Reviewed by SCOTT WETZLER
Am J Psychiatry 2007;164:176-176.

Dealing with Resistance in Psychotherapy by Althea Horner is an old-fashioned book in the psychoanalytic tradition. It could as easily have been written in 1940 as 2005 and uses psychoanalytic jargon that will be daunting to the uninitiated. Dr. Horner has prepared a thoroughgoing analysis of resistance in therapy that catalogues its many different manifestations, from transference resistance to character resistance.

One of the main distinctions between psychoanalytic psychotherapy and cognitive behavior therapy (CBT) is the emphasis placed on resistance and analysis of defense in analytic work, which is given short shrift in behavioral approaches. Advocates of CBT take a didactic posture on the assumption that patients are motivated to change, but lack the skills or knowledge to do so, and that they will work collaboratively with the therapist/coach. In contrast, psychoanalytic types are convinced that patients will resist change, sometimes in subtle ways, even while appearing to be motivated and compliant. The concept of resistance is the key to a depth psychology.

Dr. Horner is highly critical of what she calls “simplistic” approaches that understate the complexity of human psychology. She feels that the medical model has devalued psychology, and that nonpsychological views are signs of counter-transference resistance in the therapist.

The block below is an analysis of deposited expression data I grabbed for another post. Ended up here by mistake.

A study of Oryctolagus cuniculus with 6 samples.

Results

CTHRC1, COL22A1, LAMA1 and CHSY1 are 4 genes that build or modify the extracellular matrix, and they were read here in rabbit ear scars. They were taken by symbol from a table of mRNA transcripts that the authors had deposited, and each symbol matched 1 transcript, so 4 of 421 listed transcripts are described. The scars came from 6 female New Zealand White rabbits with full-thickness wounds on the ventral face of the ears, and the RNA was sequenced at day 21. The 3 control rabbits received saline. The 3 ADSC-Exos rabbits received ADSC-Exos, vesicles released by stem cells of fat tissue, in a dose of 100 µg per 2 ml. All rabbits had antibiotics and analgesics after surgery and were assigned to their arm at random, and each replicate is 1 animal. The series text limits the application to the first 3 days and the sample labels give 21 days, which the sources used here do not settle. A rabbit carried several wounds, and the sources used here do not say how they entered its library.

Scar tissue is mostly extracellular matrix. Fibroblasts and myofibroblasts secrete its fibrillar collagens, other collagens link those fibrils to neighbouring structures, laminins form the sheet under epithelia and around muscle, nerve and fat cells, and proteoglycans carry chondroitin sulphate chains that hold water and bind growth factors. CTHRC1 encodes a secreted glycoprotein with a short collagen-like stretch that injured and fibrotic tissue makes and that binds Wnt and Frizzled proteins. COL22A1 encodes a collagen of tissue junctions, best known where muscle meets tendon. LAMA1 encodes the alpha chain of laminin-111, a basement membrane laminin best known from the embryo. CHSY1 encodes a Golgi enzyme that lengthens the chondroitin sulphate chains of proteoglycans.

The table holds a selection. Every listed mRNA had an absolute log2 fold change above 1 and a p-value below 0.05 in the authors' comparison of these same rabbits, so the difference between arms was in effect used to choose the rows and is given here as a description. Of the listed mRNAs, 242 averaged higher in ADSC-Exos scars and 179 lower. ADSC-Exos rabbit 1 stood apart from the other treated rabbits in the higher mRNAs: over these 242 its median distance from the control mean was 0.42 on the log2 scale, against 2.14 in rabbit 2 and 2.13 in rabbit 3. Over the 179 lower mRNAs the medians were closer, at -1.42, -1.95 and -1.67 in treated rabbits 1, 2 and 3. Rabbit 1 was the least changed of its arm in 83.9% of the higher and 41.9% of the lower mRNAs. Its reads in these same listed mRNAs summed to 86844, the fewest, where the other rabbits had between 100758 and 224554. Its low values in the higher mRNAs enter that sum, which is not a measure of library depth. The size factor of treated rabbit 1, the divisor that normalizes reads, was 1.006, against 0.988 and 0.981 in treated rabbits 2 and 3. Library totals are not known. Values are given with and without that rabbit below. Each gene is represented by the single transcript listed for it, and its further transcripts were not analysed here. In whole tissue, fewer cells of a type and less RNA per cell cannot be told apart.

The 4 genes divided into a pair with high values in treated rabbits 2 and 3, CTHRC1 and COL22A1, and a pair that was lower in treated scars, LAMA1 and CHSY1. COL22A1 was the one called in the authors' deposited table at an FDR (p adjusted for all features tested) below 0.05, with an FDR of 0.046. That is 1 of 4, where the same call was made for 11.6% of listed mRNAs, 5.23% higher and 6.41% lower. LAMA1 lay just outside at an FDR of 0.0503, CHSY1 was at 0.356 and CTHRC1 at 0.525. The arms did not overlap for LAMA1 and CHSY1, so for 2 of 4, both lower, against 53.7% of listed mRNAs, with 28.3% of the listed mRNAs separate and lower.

Dr. Horner identifies many different forms of resistance, initially focusing on transference and character resistances in general, subdivided according to developmental “fixation points.” She describes transference resistance as the enactment of a core relationship problem and character resistance as a defense against the enactment of transference resistance. Dr. Horner also delineates specific patterns of resistance (e.g., good boy/girl, sexualization), specific motivations (e.g., wish for power, envy, vengeance, specialness, shame), specific attitudes (e.g., entitlement, injustice), specific defenses (e.g., rationalization, constructed self), and specific symptoms (e.g., eating disorders). She even ascribes resistance to the mood swings of the bipolar patient.

While Dr. Horner presents an interesting list of resistances, her recommendations on how to handle them are not as systematic. After a long career as a supervisor and clinician, Dr. Horner has many anecdotes with suggestions related to the given clinical situation. But her recommendations are not generalizable. Finally, in the last chapter, Dr. Horner presents an extended case history of a “brief” (i.e., 40-session) treatment. This is the most clinically relevant chapter, since Dr. Horner explains how and why she intervenes in very clear terms (as well as where she failed to intervene). It is only in this chapter that the book loses the dense psychoanalytic jargon and it becomes clear how the author deals with the important challenge of resistance in psychotherapy.